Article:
Summer_jobs This summer, there’s good news for many Black and Latino youth around the country. The federal government has designated $1.2 billion of the $787 billion stimulus package for the creation and support of summer jobs for disadvantaged youth.

Nationally, unemployment for 16-to-19-year-olds is nearly 23 percent, more than double the 9.2 percent overall unemployment rate. But Black and Latino youth suffer disproportionately higher unemployment rates. As of May 2009, Latinos aged 16-19 faced a 31 percent unemployment rate. Black teens have to contend with an unemployment rate of 34 percent, according to the Bureau of Labor Statistics latest report.

Though program requirements for federally funded summer jobs will vary from state to state, participants will largely come from low-income families, underserved areas and from groups who face greater challenges in accessing jobs, like the disabled, high school dropouts and those who have no previous work experience or training.

This seasonal focus on hard-hit populations will have a lasting impact on Latinos and Blacks, who tend to outpace the general population in undesirable categories like dropout rates, youth crime and poverty. Reaching out to young people who may already have one or two strikes working against them will have immediate economic and social impacts across communities in need. Providing job training, professional skills and mentorship for at-risk youth can create viable options for meaningful work, motivate them to continue their education, and help them feel valued and productive.

In New York City, which has large Black and Latino populations, the unemployment rate among 16-to-19-year-olds doubled in the past year to 22 percent, according to state estimates. This summer, $18.5 million in stimulus funds will help add 13,378 jobs, for a total of 51,000, which is 8,000 more than existed last year. Demand is so high that weeks before the May 15 deadline, the program had already received 81,000 applications, according to the Department of Youth and Community Development. Participants will earn $7.25 an hour, and also receive training in financial literacy and job skills.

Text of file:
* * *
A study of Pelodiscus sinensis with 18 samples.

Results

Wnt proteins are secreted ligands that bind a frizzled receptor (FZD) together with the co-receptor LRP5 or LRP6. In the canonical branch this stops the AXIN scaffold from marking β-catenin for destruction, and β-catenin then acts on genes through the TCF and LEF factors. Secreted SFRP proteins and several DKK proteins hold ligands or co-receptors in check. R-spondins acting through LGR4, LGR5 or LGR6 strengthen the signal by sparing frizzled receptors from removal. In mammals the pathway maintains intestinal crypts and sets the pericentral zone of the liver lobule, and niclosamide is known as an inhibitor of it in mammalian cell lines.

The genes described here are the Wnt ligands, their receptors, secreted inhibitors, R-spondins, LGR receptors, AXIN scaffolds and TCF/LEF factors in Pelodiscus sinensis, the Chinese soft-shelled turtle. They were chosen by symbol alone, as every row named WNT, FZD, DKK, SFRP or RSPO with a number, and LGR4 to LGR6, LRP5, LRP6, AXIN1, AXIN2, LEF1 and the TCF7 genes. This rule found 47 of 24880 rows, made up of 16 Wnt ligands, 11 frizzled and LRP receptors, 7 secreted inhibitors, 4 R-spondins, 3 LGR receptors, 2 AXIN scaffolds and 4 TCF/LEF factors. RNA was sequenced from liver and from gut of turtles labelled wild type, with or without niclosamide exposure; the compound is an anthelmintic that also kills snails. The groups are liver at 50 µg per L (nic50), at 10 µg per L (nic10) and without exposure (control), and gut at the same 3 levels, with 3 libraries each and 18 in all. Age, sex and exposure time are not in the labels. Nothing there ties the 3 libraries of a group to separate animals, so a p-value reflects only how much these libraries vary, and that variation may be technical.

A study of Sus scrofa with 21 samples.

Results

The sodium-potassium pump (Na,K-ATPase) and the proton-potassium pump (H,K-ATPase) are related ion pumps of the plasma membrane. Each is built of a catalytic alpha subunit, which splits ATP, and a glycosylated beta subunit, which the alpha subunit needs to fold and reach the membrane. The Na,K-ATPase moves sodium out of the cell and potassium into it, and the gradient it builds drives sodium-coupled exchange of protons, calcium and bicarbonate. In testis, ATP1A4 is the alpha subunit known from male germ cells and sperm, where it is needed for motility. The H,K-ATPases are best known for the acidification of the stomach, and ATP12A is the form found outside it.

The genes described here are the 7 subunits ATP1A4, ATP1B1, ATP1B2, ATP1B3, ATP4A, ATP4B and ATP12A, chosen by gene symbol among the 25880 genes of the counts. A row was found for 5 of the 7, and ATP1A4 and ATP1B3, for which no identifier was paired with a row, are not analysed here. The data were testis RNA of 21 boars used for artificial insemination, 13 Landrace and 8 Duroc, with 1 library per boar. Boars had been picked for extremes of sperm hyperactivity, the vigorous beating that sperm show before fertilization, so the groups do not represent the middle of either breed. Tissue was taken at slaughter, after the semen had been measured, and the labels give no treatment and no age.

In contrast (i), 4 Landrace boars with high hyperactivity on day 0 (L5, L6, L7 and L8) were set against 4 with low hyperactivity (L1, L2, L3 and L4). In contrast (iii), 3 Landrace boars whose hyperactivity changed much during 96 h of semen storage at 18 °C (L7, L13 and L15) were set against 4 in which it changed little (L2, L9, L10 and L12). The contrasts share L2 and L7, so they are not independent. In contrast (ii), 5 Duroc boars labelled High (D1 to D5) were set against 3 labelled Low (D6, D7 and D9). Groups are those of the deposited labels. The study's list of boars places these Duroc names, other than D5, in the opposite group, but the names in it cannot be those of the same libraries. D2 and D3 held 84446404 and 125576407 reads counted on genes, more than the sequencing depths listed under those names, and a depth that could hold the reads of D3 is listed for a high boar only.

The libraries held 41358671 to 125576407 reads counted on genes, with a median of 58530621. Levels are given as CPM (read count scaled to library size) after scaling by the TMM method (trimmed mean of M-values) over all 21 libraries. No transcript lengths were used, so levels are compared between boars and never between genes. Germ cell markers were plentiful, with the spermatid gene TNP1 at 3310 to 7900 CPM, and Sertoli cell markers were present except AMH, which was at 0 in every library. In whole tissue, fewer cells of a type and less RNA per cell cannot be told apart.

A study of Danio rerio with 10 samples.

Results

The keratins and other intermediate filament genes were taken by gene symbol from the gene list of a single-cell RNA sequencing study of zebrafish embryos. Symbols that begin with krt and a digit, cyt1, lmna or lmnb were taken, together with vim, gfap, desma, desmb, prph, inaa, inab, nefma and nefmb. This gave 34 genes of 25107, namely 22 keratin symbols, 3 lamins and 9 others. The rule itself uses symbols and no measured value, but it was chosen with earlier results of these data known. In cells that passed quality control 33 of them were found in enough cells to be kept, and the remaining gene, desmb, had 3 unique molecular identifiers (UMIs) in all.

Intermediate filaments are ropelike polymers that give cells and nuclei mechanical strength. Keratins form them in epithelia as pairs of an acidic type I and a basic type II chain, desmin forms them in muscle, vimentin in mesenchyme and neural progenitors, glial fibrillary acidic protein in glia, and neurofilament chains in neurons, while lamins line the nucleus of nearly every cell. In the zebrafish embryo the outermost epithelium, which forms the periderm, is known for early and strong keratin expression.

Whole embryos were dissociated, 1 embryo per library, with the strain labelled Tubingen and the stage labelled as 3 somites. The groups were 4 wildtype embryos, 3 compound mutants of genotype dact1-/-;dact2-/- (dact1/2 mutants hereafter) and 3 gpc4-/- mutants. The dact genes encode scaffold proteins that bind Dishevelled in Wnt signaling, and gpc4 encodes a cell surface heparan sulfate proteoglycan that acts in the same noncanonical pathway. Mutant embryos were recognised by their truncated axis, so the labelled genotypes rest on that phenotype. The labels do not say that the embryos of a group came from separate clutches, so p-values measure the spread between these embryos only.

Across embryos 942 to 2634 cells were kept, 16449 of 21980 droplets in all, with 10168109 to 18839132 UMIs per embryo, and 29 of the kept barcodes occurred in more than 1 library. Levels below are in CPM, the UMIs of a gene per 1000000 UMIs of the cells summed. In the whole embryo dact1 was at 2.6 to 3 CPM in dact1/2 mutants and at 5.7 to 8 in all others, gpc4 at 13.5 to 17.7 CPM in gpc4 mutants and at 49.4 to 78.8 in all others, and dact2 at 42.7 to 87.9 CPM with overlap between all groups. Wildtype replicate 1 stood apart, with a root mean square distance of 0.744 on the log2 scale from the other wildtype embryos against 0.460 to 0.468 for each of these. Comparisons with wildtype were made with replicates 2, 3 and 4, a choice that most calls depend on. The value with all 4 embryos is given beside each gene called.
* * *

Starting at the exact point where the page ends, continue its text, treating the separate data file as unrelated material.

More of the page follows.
Economically, teens are avid consumers, so much of their earnings will be funneled right back into the economy as they use their earnings to buy music, go to the movies, buy used cars, new clothes, and the status-defining electronics of the moment.

Stimulus dollars were distributed to all states, from about $3 million for Wyoming and South Dakota and other low-population states to $186 million for California, which is among the most populated states. The combined effect will be much greater than the billion-dollar expenditure may signify, as countless teens will have transformative experiences that can take them down entirely different paths, leading to college or trade school or full-time employment after summer ends.

The White House estimates that stimulus money will create 125,000 jobs for low-income youths this summer. The positive effect of all those teens hard at work will ripple out to their families, schools, communities and the whole country, positively impacting millions. That’s the type of stimulus we need to make permanent.

Juleyka Lantigua is a writer whose work has appeared in books, magazines and newspapers around the world.